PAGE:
Ojai 2013

The Ojai Music Festival has shown up once before on DTM, on a 1962 program by Gunther Schuller where Eric Dolphy played Varèse.

Over the years it has grown into one of America's most respected classical musical festivals.  The current artistic director is Thomas W. Morris, and this year the music director is Mark Morris. 

Mark is my former boss and mentor. (This old Terry Teachout NY Times profile explains further.) One day I'll write a proper essay about everything I've learned from Mark Morris. That will be a long essay. The first TBP/Mark Morris Dance Group collaboration was Violet Cavern in 2004. Reid, Dave, and I are thrilled about his next premiere, Spring, Spring, Spring.

Ojai has never focused on American composers before, but since Mark has choreographed Charles Ives, Henry Cowell, Henry Partch, John Harbison, Kyle Gann, and especially Lou Harrison, it only makes sense for the Morris-curated year to invite Californian classical music lovers to discover who lives in their neighborhood. My own first exposures to Cowell and Harrison were through Mark:  I can't wait to see the new dance Jenn and Spencer set to Cowell's unjustly obscure but utterly delightful neo-baroque Suite for Violin and Piano.

The full program for the Ojai Festival includes not just MMDG in flight and important concert music by Cowell, Harrison, and Ives, but also generous servings of John Cage and John Luther Adams, plus glimpses of Samuel Barber, William Bolcom, Carl Ruggles, Vincent Persichetti, and even Terry Riley's In C.  At least some of TBP is planning to join in the latter…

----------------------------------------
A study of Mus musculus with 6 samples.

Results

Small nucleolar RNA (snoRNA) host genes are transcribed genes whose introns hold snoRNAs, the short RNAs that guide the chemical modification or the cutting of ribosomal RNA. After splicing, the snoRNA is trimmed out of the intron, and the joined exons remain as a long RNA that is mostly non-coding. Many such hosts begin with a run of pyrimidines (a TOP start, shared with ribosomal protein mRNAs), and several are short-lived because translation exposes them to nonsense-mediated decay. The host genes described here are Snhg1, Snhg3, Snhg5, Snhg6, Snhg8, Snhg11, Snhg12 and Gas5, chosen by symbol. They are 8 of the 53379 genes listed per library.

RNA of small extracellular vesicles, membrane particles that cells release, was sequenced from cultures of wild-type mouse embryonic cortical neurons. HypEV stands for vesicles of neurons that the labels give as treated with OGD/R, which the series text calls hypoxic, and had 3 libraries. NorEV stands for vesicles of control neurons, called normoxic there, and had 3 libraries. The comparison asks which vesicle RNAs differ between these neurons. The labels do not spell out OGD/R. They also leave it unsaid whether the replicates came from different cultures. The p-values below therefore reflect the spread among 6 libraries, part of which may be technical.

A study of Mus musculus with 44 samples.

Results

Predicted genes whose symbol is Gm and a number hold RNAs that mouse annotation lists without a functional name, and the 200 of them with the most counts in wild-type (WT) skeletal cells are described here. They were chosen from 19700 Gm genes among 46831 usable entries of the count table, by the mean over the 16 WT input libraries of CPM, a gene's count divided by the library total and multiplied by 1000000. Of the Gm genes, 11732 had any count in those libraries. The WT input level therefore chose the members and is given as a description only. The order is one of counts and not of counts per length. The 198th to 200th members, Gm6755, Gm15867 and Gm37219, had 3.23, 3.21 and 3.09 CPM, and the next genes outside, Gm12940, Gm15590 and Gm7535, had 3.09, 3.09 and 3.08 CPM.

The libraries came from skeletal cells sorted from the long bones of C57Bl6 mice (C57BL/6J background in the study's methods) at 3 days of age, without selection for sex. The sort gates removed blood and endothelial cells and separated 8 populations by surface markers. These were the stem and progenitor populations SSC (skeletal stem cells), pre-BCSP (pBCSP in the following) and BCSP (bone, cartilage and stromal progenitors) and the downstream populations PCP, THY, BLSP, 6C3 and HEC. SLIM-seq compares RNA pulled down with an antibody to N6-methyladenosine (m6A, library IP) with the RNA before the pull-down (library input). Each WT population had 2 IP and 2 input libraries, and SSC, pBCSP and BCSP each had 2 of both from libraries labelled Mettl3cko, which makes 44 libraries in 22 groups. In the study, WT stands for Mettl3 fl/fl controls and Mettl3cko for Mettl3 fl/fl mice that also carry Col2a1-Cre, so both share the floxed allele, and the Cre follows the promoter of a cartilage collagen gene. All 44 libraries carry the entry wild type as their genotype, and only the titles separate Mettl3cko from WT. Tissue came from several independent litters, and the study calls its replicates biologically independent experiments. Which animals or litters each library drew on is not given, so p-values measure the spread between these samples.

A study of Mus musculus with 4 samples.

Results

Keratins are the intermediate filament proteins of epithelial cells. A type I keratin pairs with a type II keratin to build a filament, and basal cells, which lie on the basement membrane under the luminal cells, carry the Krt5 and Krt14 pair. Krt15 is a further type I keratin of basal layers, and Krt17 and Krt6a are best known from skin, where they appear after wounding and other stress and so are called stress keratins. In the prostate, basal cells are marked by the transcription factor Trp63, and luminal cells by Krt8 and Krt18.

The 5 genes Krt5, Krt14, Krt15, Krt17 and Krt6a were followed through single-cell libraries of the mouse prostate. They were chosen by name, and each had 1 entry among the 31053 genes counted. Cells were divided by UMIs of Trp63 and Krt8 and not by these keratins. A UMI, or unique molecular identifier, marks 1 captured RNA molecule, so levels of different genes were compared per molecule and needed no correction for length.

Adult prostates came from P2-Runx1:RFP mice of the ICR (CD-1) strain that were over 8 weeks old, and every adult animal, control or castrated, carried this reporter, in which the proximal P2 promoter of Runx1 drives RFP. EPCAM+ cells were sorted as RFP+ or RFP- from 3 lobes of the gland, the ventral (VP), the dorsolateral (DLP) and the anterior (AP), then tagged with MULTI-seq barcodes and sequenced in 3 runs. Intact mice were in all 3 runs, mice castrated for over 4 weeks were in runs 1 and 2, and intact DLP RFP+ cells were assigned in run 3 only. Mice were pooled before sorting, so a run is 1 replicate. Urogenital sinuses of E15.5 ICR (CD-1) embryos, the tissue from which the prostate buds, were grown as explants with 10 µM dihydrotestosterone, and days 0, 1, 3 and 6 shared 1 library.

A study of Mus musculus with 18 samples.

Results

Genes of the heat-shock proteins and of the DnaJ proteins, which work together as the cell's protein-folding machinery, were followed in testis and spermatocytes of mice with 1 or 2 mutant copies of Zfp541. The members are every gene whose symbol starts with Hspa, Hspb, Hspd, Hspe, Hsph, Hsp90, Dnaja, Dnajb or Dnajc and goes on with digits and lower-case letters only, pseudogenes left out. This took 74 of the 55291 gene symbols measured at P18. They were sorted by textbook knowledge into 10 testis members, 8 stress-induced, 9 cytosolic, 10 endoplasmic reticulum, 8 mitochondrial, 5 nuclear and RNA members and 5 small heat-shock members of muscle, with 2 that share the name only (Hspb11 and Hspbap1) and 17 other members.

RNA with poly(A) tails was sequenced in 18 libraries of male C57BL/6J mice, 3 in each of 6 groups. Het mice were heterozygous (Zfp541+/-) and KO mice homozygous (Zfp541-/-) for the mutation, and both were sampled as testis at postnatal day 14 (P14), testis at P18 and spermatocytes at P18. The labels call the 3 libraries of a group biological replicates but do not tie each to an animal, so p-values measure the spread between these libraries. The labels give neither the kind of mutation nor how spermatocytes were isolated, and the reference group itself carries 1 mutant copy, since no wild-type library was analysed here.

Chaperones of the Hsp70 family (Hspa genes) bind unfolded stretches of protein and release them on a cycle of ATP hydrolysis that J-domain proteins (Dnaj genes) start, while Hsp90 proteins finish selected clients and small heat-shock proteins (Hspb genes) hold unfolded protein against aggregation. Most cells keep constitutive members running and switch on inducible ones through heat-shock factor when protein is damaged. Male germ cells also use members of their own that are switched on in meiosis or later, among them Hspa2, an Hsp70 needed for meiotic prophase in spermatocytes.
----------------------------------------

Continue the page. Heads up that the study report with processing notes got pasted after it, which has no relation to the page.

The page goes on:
Other TBP engagements include a "concert" version of our Rite of Spring alongside original music, a (relatively) spontaneous score to the legendary Charles Bryant/Alla Nazimova film Salomé and an open mic night (!) led by Mark.

With Yulia Van Doren I'll be playing Four Walls by John Cage. This early work is long but easy on the ear.  Apparently it was the first major Cage/Cunningham collaboration from the mid-40s.  As always, Cage gave himself some strict rules. All white notes: two metronome markings: extreme dynamics: a surprise easter egg (the vocal in the middle). It's my first time working on Cage. I'm planning to be pretty theatrical with it, especially since Yulia and I won't have dancers. At least I will have a "Four Walls Costume" made by Maile Okamura. 

The following week we all travel up to Berkeley for Ojai North! and the premiere of Mark Morris's dance to the Rite of Spring. I hope I'm not letting a cat of the bag here: Mark told me years ago that the Rite was "unchoreographable." (Apparently that was Balanchine's ruling.) Of course, it is famous as a ballet, but I understood what Mark meant after I saw assorted terrible Rite dances over the years.

I'm glad Mark has changed his mind. Reid and I played through our version with MMDG last week. To see all of Stravinsky's complex yet clear, frankly prog rock mixed meter rhythms translated precisely and perfectly to Mark's brilliant company was heart-stopping. We expect Spring, Spring, Spring to be a hit.

 TBP/Salomé and Four Walls reprise in Berkeley, too. 

LA Times preview of Mark Morris at Ojai.

NPR: Why Jazz Musicians Love The Rite of Spring.

DTM: Mixed Meter Mysterium.

Rite 100. Thanks to Will Robin for a whole year of valuable essays by both Robin and many interesting guests. My own contribution was a celebration of Serhiy Salov's transcription. One of Robin's concluding pieces, "What Stravinsky Would Have Wanted," is relevant to Salov, TBP, or anyone working with Spring.